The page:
Consider these events of the past week:
- Life Insurers may gain access to TARP funds (though “only” $130 billion remains under the current authorization) to deal with a severe liquidity crunch. Several of the largest life insurers – Hartford, Genworth, Lincoln National – scrambled to buy thrifts shortly after TARP came into being to gain a place in the queue. Few have really focused on the implications of a sick life insurance industry. Trillions of assets. Hundreds of trillions of insurance in force. The largest buyers of corporate bonds. If life insurers really feel a liquidity crunch, they will spit out their liquid assets, e.g., corporate bonds, by the billions, sharply raising the cost of capital for businesses across the country. This is not a happy thought when businesses are under so much pressure to begin with. Also, like banks, life insurers are enormous. Consider what a TARP II might look like with life insurers as part of the bail-out; it will make the $700 billion TARP I look positively cheap. But does the stock market care? Nah. But corporate bond spreads certainly haven’t moved in lock-step with the equity rally; credit traders appear to know something their equity counterparts don’t. Like, how to quantify and price risk?
- The Administration is pushing money managers to create “Bailout Bonds,” or the ability for retail investors to play the PPIP game. I have heard some bad ideas in my day, but this one is up there. The rationale is ostensibly “Don’t moan and groan about those money managers making all the money off the Government bailout programs; you can do it, too.” Linking together the Government, Wall Street and Main Street in one big, happy bailout embrace. This is being directed at a retail public, many of whom haven’t the faintest idea of how to properly plan for their financial future. How about providing a tax refund for taking a life-cycle investing class? How about investing people’s Social Security balances intelligently? Providing the cash-strapped US consumer with an opportunity to buy bailout paper is patently irresponsible. It is nothing more than a PR stunt to put a damper on complaints that the Blackrocks and PIMCOs of the world are getting sweetheart deals at the taxpayer’s expense. Given how the Administration has chosen to address te financial sector’s problems these complaints have real merit, but creating yet another money-making vehicle for the large retail asset managers is not the solution. Fixing the plan the right way, by creating a centralized troubled asset vehicle that takes on assets at market value which get worked out over time for the taxpayer’s benefit, solves the problem without marketing spin and PR stunts.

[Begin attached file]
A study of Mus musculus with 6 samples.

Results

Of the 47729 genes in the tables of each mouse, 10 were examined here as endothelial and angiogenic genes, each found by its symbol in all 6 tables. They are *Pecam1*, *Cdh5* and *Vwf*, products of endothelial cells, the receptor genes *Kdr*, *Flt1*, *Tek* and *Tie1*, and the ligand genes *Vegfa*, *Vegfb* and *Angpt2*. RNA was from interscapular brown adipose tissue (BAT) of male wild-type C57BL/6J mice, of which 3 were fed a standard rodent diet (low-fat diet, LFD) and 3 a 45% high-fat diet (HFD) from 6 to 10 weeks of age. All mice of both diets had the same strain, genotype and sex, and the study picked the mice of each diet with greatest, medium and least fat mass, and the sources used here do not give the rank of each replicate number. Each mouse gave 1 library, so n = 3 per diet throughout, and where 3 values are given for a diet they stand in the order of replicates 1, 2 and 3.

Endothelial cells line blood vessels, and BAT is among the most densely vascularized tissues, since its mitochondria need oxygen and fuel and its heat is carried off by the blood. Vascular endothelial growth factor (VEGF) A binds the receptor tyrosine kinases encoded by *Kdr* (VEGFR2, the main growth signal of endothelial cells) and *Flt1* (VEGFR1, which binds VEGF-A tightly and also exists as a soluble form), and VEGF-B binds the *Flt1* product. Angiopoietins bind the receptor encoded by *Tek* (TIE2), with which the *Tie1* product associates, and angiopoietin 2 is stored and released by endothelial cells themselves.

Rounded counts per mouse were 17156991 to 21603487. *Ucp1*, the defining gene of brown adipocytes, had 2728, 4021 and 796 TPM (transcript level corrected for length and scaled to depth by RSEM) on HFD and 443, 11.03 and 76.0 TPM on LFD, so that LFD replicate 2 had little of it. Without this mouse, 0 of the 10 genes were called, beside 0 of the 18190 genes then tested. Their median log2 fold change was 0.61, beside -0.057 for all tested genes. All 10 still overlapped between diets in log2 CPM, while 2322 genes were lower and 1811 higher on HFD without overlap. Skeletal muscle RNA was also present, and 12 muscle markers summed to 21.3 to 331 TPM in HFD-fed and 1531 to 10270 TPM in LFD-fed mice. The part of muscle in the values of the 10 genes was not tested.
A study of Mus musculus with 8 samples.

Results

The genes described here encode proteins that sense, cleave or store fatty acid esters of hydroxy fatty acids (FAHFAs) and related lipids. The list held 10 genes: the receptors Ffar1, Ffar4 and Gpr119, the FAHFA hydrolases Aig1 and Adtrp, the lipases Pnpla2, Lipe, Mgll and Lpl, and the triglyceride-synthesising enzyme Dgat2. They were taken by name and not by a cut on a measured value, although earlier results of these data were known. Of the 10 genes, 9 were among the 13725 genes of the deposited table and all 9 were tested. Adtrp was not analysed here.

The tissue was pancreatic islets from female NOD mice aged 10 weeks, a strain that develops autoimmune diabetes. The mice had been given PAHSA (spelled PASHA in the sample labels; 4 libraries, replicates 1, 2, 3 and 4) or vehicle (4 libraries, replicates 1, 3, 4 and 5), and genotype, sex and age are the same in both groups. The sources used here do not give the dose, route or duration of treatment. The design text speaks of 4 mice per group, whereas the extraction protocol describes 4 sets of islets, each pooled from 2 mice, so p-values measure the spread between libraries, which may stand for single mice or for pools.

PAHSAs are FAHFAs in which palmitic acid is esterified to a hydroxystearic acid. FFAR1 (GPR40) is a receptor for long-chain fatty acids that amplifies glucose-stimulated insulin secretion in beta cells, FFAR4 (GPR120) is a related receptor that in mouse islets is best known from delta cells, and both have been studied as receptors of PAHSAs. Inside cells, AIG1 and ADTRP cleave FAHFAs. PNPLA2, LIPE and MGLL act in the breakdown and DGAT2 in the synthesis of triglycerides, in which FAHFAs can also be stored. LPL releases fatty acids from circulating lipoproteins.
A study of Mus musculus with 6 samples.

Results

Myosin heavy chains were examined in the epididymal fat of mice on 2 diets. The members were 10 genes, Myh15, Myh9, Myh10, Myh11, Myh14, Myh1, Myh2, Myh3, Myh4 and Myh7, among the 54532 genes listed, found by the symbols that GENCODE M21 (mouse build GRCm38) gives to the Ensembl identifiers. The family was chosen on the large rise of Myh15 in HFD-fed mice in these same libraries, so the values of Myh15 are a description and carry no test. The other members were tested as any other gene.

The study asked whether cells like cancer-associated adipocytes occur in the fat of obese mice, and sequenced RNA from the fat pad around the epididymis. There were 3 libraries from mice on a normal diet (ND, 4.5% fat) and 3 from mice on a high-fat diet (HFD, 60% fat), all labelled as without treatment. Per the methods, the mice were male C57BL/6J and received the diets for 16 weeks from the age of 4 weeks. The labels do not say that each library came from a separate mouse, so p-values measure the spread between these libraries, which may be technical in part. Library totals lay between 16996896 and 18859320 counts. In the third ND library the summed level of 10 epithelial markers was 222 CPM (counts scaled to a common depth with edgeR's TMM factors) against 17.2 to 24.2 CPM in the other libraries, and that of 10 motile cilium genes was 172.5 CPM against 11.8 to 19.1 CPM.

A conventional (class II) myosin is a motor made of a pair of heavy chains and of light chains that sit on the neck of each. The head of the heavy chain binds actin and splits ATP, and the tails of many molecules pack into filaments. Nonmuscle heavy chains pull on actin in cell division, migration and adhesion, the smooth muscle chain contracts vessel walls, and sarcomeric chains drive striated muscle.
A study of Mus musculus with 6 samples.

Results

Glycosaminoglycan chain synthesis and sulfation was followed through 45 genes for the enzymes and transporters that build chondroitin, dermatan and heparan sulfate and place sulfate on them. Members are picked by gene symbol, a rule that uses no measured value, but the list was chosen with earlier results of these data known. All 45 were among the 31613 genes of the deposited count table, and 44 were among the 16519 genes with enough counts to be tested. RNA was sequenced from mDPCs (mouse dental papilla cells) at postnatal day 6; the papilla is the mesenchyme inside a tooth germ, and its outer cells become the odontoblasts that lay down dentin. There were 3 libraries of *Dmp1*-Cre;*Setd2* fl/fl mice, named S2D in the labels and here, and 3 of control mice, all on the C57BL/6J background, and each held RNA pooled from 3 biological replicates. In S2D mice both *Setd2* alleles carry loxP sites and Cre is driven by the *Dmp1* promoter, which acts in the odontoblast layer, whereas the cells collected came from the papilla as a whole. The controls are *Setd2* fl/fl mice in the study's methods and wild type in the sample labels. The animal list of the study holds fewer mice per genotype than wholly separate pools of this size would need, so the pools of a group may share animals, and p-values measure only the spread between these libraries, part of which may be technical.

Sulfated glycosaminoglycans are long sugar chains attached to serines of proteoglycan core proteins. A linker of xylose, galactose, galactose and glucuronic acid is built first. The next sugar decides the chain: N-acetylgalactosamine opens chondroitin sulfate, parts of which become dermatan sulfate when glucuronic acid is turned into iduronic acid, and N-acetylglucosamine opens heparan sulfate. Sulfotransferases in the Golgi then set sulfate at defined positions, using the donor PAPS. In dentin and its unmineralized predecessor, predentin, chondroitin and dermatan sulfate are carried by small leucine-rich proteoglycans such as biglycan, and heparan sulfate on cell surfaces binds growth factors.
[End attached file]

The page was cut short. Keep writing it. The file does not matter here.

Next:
- Goldman Sachs is issuing stock to repay its TARP funds. Goldman has enjoyed a 162% run-up since its November low, trading just shy of $125. I understand it wants to repay the Government, but when smart market-timers like Goldman are selling, take heed. Generally it means the market has run up and is due for a breather. Whether it is a breather or a collapse, who knows, but is certainly doesn’t portent good things for the equity market – or at least the GS stock price – in the near term.
Next week’s market action should be fascinating. On a tiny bit of good news and a bunch of bad news the market roared higher. With bank stress test results on the horizon and more bad earnings reports coming up, the recent rally will be sorely tested.